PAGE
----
Spring campaigns 2017: seven days, countless lives
Cadets leave the campus behind to serve in the field.
By Laura Loomis, Cadet –
Cadets from the College for Officer Training at Crestmont hit the road for spring campaigns 2017, taking their knowledge, skillsets, and passion into the field at corps across the Western Territory. A seven-day outreach initiative, spring campaigns integrate the cadets-in-training with members of the community, allowing them to gain field experience that complements their academics.
Connecting with the community is a vital part of spring campaigns for the cadets. Forming relationships with people is what they are called to do, and the impact of this connection is felt on both sides. Relationships formed during this short time period often last a lifetime.
“One of the highlights of my time on spring campaigns was meeting some key people in the San Francisco Metro area,” Cadet Grant Hall said. “Both Anthony Pardi (Chef at the SoMa Corps) and Trey Hiller (Bayview Service Center) have strong testimonies about how God led them to The Salvation Army, and we witnessed how he is using them powerfully in that area today.”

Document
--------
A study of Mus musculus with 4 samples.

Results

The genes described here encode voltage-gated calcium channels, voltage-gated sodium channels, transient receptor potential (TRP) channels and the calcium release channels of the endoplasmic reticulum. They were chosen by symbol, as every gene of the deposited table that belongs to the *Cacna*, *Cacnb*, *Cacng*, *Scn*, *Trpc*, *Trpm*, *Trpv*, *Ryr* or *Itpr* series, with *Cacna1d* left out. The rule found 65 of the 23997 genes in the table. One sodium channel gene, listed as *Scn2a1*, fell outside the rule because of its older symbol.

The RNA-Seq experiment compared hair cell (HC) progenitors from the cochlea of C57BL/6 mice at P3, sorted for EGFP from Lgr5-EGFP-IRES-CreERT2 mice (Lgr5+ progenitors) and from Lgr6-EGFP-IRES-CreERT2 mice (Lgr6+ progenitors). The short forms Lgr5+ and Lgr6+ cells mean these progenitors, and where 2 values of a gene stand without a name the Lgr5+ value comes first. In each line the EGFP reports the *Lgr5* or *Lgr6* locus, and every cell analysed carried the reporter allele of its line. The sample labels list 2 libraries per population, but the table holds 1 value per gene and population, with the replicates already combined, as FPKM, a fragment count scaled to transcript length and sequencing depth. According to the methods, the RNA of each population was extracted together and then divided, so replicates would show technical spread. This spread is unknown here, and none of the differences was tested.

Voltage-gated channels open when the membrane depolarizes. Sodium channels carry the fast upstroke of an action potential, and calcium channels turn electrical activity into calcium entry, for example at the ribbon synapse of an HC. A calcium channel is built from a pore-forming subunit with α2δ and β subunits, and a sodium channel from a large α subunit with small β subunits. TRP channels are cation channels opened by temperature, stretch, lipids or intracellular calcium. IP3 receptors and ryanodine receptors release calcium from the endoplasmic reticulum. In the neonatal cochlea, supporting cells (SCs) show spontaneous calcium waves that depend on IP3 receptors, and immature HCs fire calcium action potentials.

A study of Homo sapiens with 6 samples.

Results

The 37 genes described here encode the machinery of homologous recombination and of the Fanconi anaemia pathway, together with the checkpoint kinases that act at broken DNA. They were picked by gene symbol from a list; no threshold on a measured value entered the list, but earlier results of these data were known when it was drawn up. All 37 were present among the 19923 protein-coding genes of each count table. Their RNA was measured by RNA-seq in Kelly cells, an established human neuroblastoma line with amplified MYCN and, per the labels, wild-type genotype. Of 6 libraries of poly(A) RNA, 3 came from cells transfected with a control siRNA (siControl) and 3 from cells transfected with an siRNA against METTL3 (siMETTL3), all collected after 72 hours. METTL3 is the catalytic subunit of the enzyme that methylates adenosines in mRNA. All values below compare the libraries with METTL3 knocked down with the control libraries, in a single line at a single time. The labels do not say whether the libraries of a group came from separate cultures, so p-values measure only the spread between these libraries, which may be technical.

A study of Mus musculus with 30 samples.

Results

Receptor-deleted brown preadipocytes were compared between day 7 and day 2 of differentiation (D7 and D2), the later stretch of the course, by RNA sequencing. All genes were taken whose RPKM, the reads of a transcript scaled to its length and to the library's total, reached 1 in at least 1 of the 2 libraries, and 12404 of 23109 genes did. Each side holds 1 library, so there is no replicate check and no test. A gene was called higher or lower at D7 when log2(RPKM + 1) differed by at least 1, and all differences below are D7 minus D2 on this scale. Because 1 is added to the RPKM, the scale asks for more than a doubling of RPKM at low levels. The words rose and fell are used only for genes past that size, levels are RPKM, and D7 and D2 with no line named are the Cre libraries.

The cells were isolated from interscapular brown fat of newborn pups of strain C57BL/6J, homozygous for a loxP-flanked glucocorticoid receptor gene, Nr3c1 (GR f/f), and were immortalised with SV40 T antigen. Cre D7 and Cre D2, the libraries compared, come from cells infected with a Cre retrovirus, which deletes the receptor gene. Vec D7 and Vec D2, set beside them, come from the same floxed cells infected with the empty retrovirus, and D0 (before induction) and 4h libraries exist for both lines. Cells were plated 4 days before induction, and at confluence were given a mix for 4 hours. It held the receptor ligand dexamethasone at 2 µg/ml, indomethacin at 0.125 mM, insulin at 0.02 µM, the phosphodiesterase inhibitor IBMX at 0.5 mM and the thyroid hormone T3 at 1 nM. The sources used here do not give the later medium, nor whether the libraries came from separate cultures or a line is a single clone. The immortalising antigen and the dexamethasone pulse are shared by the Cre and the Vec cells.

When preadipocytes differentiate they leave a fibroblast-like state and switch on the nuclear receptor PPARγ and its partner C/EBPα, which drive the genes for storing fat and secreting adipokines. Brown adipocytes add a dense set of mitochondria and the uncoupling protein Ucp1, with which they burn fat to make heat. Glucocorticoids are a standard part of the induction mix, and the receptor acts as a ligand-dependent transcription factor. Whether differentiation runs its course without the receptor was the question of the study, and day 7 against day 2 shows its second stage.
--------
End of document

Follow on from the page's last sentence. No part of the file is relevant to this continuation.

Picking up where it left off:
The ministry of spring campaigns traditionally takes many forms, from serving food to playing basketball with the teens, from cultural dance and song with the locals to open-air meetings. The cadets arrived at their appointments ready to roll up their sleeves and get right to the heart of ministry. Whatever the form of the ministry, the endeavor was always worthwhile.
Cadet Perfecta Weeden served in Fairbanks, Alaska.
“A family, new to the area, had attended on Sunday for the first time, and met up with the brigade to participate in the open air with us,” she said. “This family went to every event put on by the brigade. They told us their son felt at home for the very first time since their move. Praise God!”
Weeden experienced one of the driving forces of The Salvation Army: to help others feel like they have a safe and comfortable place to belong.
The cadets offered their talents to leading worship, vacation Bible school, devotions, and even creating beautiful works of art. They sang and played instruments, and some even looked up Mandarin phrases online to better communicate with the locals. They reached out to the homeless, picked up trash on the streets, and packed food bags for the Army’s social services outreach, often in inclement weather. Yet, they never missed an opportunity to pray with young and old alike, offering the hope of Christ with a smile and a warm embrace. Although it was just seven days, the cadets touched countless lives. All in all, it can be said that they let their lights shine for the glory of God.
Let your light shine before men in such a way that they may see your good works, and glorify your Father who is in heaven (Matt. 5:16 NAS).